Textures are the designs applied to the surfaces of solids. These textures show what material a given solid is made of (brick, steel, sand, etc.). So, while solids give your level form, textures indicate function, create atmosphere and bring your level to life. Skilled application of textures is one of the most important aspects of creating a good level. The Valve Hammer Editor's tools give you easy access to all of the texture properties.
Half-Life's textures are stored in WAD files. A WAD file is a collection (a wad) of textures that the compile tools use to put textures into the compiled map. Texture WADs can be added and removed from the Textures options.
Note: the WAD file dates all the way back to Doom. Doom uses the WAD format to store complete level information, including map, textures, monsters, etc.
When Quake came along, the WAD format changed into the WAD2 format. WAD2 is less of an essential game file than it is a design file. It is used to store 8-bit single-palette textures. During the compile process, the compile tools take textures from a WAD2 and place them directly into the compiled map files.
Half-Life uses the WAD3 format. It is essentially the same as the WAD2 format, except that each texture stored includes its own palette. This allows for a much richer color depth than previous texture systems.
Your first encounter with textures will most likely be through the Textures toolbar.
The Textures toolbar shows the current texture, and lets you select a new texture. The Current texture drop-down list shows the last eight textures used, then continues with a list of the remaining textures. Use the Texture group scrollbox to view a different subset of textures. You will have a choice between viewing all textures, or viewing individual texture WAD3 files. (A WAD3 file is a file that contains a group of Half-Life textures). You can add or remove WAD3 files in the Textures Options dialog.
The Browse... button opens the texture browser, where you can select from all available textures (as dictated by the Texture Group setting).
The Size scroll box allows you to set the displayed size of the textures. You can choose from 32x32, 64x64, 128x128, or 1:1 (full size).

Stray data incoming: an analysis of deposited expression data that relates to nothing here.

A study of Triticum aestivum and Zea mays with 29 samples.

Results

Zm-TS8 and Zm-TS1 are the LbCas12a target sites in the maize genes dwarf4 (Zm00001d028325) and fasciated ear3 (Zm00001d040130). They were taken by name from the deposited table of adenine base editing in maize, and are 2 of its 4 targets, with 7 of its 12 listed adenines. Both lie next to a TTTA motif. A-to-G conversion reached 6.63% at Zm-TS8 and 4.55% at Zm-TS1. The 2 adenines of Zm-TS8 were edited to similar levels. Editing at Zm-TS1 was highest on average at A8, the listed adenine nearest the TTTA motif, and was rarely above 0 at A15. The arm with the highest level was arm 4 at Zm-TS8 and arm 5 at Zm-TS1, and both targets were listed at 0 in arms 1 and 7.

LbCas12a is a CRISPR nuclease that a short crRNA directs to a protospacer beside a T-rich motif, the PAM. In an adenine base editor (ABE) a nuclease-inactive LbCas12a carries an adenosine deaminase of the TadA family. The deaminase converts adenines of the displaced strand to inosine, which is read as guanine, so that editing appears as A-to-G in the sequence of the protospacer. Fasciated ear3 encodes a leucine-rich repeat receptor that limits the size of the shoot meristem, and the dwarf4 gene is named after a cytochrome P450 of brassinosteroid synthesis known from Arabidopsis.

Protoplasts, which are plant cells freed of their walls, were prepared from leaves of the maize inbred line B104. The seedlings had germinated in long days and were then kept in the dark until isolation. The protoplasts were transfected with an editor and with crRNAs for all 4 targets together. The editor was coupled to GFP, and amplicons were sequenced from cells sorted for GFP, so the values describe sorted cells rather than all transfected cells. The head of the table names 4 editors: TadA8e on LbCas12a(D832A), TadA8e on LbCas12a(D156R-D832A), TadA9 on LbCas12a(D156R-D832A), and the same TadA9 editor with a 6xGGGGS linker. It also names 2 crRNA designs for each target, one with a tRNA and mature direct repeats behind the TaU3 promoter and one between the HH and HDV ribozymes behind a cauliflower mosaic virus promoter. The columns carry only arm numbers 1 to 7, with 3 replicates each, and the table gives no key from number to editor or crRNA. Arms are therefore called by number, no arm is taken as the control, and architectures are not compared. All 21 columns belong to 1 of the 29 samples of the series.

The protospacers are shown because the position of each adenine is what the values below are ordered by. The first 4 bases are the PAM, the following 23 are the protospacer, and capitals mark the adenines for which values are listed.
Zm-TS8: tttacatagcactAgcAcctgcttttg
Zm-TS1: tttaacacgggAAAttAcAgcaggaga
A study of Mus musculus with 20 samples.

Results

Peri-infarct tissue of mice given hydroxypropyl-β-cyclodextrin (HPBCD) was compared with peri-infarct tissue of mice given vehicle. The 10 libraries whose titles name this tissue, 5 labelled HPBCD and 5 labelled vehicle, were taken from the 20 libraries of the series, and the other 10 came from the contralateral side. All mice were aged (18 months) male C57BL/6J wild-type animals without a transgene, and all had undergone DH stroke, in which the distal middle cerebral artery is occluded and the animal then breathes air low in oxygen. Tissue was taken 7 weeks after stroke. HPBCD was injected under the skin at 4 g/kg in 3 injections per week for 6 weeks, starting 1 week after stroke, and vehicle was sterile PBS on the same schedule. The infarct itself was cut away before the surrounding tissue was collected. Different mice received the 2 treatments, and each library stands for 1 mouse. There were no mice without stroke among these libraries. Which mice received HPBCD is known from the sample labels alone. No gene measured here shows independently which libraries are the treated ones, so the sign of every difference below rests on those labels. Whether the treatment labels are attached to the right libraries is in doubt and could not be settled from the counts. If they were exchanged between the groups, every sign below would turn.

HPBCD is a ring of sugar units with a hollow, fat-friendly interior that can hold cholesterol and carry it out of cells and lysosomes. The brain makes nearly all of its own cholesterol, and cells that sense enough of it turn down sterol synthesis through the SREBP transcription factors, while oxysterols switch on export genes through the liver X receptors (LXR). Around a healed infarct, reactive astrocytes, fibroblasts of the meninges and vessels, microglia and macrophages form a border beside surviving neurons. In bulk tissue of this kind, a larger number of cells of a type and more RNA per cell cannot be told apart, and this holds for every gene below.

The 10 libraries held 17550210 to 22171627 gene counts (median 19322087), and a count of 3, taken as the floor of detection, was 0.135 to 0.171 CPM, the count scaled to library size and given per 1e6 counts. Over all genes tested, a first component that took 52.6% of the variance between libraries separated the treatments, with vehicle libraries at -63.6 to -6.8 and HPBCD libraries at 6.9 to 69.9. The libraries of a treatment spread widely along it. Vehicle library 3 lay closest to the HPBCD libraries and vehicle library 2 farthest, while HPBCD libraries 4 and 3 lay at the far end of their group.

The Filter dialog box allows you to type in a search string. Any texture that includes that string as part of its name will be displayed. You can specify more than one filter string. For example, if you specify the search string "sign 7," any texture with "sign" and "7" in its name will be displayed. Previous search strings can be accessed by clicking on the down arrow.
The Only used textures option tells the browser to display only those textures that have been used in your level. This helps you limit your use of different textures, and avoid using different textures for the same purpose. For games such as Half-Life, textures are stored in the compiled maps. Reducing the number of textures will decrease the compiled map size. Fewer textures to load also means memory savings while playing the map in the game.
The Mark button allows you to mark (select) all texture faces that contain the selected texture. You can then adjust those faces as required (textures, surface attributes, etc). This is best used in conjunction with the Face Properties dialog. If the normal Apply Textures map tool is used, any brush with one face selected will have the new texture applied to every face of the brush.
The Replace button (also accessible through the Tools menu) will bring up the Replace Textures dialog.
Texture Application Mode
You will eventually need to modify a texture in some way. The Face Properties dialog (Texture Application mode) allows you to manipulate the texture properties of selected brush faces. To select a brush face, click on it in the 3D view with the left mouse button. To select multiple faces, hold down the Ctrl key while you do this. You can also select multiple brushes before bringing up the Face Properties tool.
You can modify the scale of a texture to shrink or enlarge it. Numbers less than 1 shrink, and numbers greater than 1 enlarge. You can use negative values to mirror the texture in one or both planes.
This simply allows you to shift the texture around in the X and/or Y planes.
Rotation allows you to rotate the texture on a brush face.
There are six buttons you can press here: L (left), R (right), Fit (fit to face), T (top), B (bottom), and C (center on face). These allow you to quickly and easily align a texture on a brush.
Treat as one
If you have multiple faces selected, you can check this option to treat all the faces as one single face.
Align: World and Face
These checkboxes allow you to set the texture alignment style for the selected faces. World alignment causes textures to be aligned according to world coordinates (if you're familiar with versions of the editor before 3.3, this was the standard behavior). Face alignment uses the coordinates of the face as a basis for alignment.
You can select which group of textures you want to use - either all of them, or individual texture WADs.
The name of the current texture is displayed here, along with a thumbnail picture of the texture.
If this button is toggled on, the selected brush face(s) will not appear as selected (with a reddish hue). This may make it easier to perform some texture manipulations.
This lets you select what feature you want the left mouse button to be. The available options are Lift+Select, Lift, Select, Apply (texture only), Apply (texture + values).